B.C Supreme Court clears path for Taseko Mines Ltd. to start exploratory drilling in Teztan Biny area
Tsilhqot’tin Nation calls on NDP Government to step in and stop mine program
A legal bid by the Tsilhqot’in Nation to stop exploratory drilling in the Teztan Biny area by Taseko Mines has been dismissed by B.C. Supreme Court Justice Ward K. Branch.
Justice Branch handed down the lengthy, detailed decision Friday, Aug. 23 in Victoria after hearings took place June 25-29 at the same location.
The TNG alleged the provincial government breached their duty to consult and accommodate the Nation in approving the contentious plans for further exploration in the remote area, located about 125 kilometres west of Williams Lake. It is the latest in a long string of legal applications and disagreements over several years between the mining company, the TNG, the Canadian Environmental Assessment Agency and the provincial government.
“The history of the simultaneous efforts to establish Aboriginal rights, protect the environment, and develop what may be one of the world’s largest gold deposits, has been long and difficult,” Justice Branch said in his written decision. “Based on the evidence presented to me, all parties and governments appear to be acting in good faith to advance what they each perceive to be the proper use for the land. But unfortunately good faith cannot always prevent disagreement. That is when courts must step in to help the parties move forward.”
The decision has cleared the way for Taseko Mines to construct 76 kilometres of new or modified road and trail, conduct 122 geotechnical drill sites, dig 367 trench or pit tests and clear 20 kilometres of seismic lines near Teztan Biny (Fish Lake) and Nabas, an area of cultural and spiritual significance for the Tŝilhqot’in. The permit also allows Taseko Mines to set up a 50-person camp with 11 mobile trailer units while the work is being conducted.
“I note that the Province’s decision only approves this next round of exploratory work. There are a number of additional hurdles to clear, and further opportunities for balancing the parties’ interests prior to full construction of any mine. Hopefully, the parties will be able to consider their various interests in such a way that future accommodations can be made through mutual agreement rather than additional court interventions.”
In the wake of the decision, TNG chiefs said they continue to stand strong despite the court setback. They are now calling on NDP Premier John Horgan and his provincial government to step in.
“The Tŝilhqot’in Nation will not stand by as Taseko Mines Ltd. moves forward with a drilling program for a mine that was rejected twice by the Federal Government and cannot be built,” said Chief Joe Alphonse, Tribal Chairman, Tŝilhqot’in National Government in a news release.
“Drilling and exploration work at Teztan Biny stands to destroy centuries of sacred and protected sites that are integral to the preservation of Tŝilhqot’in culture. We are disappointed that the courts did not see through the smokescreen, this decision isn’t about Prosperity Mine being a good project; it’s about continuing to line the pockets of the shareholders of Taseko Mines. There is more than one way to make money in mining and if there is a tiny glimmer of hope for a project to move forward, such as the possibility of this permit, in the long run it continues to make Taskeo shareholders profit.”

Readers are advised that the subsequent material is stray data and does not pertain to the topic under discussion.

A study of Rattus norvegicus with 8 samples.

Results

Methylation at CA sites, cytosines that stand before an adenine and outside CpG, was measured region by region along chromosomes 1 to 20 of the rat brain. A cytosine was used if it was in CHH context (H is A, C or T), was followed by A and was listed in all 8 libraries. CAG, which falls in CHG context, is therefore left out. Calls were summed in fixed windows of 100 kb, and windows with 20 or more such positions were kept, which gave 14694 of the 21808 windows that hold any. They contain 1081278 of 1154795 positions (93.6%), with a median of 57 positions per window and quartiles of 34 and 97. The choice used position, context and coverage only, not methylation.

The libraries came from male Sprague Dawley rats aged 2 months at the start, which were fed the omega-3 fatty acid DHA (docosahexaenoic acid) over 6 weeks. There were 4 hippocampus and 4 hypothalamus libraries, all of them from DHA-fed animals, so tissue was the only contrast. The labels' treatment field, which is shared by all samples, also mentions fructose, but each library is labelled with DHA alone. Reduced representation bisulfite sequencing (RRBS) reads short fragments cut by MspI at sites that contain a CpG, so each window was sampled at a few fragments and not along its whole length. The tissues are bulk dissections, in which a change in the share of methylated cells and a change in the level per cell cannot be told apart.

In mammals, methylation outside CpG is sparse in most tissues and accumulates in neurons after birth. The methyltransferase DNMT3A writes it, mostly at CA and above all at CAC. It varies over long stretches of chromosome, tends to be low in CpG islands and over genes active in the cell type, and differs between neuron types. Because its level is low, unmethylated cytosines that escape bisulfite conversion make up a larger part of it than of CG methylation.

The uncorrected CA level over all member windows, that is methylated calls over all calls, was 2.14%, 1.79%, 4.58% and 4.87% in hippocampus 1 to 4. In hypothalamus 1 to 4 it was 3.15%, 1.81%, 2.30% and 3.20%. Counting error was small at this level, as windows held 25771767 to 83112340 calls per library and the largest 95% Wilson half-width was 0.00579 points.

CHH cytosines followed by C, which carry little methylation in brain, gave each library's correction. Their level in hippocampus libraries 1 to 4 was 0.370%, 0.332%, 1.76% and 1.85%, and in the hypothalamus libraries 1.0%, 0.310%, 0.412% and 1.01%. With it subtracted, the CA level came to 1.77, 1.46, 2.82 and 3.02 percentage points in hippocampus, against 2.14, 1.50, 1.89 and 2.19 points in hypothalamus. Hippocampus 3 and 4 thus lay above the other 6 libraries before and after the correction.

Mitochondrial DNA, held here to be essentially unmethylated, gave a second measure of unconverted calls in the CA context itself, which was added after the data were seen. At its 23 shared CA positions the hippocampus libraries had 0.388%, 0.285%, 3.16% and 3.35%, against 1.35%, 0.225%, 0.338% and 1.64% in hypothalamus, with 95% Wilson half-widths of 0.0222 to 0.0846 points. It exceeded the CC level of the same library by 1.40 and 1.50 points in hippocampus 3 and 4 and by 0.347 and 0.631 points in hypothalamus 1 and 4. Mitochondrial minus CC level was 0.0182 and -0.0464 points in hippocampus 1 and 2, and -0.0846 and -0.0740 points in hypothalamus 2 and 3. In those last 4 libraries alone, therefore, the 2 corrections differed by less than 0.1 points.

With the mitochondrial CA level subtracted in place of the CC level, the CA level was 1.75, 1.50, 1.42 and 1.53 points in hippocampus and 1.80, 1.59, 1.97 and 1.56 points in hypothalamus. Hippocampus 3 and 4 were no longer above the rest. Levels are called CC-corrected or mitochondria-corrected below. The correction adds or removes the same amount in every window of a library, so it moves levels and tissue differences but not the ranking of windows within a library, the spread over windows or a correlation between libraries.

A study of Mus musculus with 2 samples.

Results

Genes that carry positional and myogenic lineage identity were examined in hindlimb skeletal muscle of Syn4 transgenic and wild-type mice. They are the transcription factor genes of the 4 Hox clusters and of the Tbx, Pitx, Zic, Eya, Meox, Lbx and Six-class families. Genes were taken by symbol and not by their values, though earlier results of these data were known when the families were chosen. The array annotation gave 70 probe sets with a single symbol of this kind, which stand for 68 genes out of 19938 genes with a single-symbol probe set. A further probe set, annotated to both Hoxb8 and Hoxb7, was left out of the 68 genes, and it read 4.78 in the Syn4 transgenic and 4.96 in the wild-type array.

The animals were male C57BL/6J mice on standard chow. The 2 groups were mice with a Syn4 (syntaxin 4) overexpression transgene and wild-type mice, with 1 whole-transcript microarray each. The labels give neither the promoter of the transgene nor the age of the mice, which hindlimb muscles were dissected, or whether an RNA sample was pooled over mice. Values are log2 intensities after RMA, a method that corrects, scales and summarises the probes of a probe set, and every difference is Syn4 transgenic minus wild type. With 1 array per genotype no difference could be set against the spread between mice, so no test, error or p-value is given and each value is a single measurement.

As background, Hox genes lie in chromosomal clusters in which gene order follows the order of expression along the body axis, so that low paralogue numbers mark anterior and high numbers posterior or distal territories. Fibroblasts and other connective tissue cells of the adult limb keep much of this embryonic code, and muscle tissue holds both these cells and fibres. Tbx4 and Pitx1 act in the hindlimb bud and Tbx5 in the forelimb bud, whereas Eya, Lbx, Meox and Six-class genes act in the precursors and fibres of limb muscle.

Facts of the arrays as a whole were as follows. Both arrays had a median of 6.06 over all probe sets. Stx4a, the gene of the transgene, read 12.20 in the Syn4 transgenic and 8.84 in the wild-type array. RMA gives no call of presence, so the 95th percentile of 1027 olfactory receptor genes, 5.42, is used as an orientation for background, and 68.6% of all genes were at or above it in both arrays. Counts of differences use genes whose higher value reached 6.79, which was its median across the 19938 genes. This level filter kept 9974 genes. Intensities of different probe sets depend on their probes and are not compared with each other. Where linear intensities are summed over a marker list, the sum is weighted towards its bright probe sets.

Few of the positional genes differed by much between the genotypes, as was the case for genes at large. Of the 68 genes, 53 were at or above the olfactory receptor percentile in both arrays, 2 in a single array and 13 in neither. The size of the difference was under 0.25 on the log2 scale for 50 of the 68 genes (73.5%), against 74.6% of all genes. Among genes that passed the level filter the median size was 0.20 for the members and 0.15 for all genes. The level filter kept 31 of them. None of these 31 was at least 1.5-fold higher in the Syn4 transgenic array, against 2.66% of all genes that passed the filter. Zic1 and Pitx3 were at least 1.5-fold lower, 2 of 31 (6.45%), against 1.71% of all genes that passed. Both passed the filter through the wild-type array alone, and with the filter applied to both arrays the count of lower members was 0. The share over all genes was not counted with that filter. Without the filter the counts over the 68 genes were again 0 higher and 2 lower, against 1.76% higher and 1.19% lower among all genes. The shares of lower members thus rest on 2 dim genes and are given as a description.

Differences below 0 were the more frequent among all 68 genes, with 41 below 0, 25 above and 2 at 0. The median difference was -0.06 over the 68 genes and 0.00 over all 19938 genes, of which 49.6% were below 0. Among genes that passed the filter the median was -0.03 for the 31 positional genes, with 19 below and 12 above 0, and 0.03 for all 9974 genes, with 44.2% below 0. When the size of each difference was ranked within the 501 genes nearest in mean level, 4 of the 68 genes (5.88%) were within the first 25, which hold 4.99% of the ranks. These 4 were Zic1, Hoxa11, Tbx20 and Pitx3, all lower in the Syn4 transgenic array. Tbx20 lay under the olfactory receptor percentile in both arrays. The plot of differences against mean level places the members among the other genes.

The TNG said the Government of Canada rejected Taseko’s New Prosperity mine proposal in 2014, and the mine cannot legally be built as matters stand. Two independent federal panels have confirmed the area is of unique and special importance to the Tŝilhqot’in, and this was a large factor in two federal rejections of a mine in this location.
In his decision, Branch noted findings from the drilling program would not advance either of the previous proposals, which would have seen Teztan Biny drained and filled with waste rock, and nearby Y’anah Biny and Nabas inundated to create the required tailings pond facility, or, the redesigned project, would have preserved Teztan Biny, but would still have inundated Y’anah Biny and much of Nabas.
The Tŝilhqot’in are now mounting a public campaign to call on the BC NDP to “do the right thing.”
“There is a new opportunity for the public to pledge their support for the Dasiqox Tribal Park, an initiative of Xeni Gwet’in and Yunesit’in to protect this critical area for future generations. The pledge can be found at http://dasiqox.org/support-us/take-action/.”
The Tŝilhqot’in Nation said it is extremely disappointed and concerned that Taseko Mines now intends to carry out the drilling program as early as this week.
“The Nation will be reviewing all options to protect this critical cultural area.”
Taseko Mines vice-president Brian Battison was not immediately available for comment.
Taseko Mines holds a mineral lease and mineral claims in the area — much of the same area that the TNG has also won Aboriginal rights and title over.
In his background information, Justice Branch said the area is said to contain one of the largest undeveloped gold and copper deposits in the world, containing an estimated 11 million ounces of gold and four billion pounds of copper. If approved, it is anticipated that the mine would be in production for 20 years. Exploration and development efforts have already been ongoing for 20 years.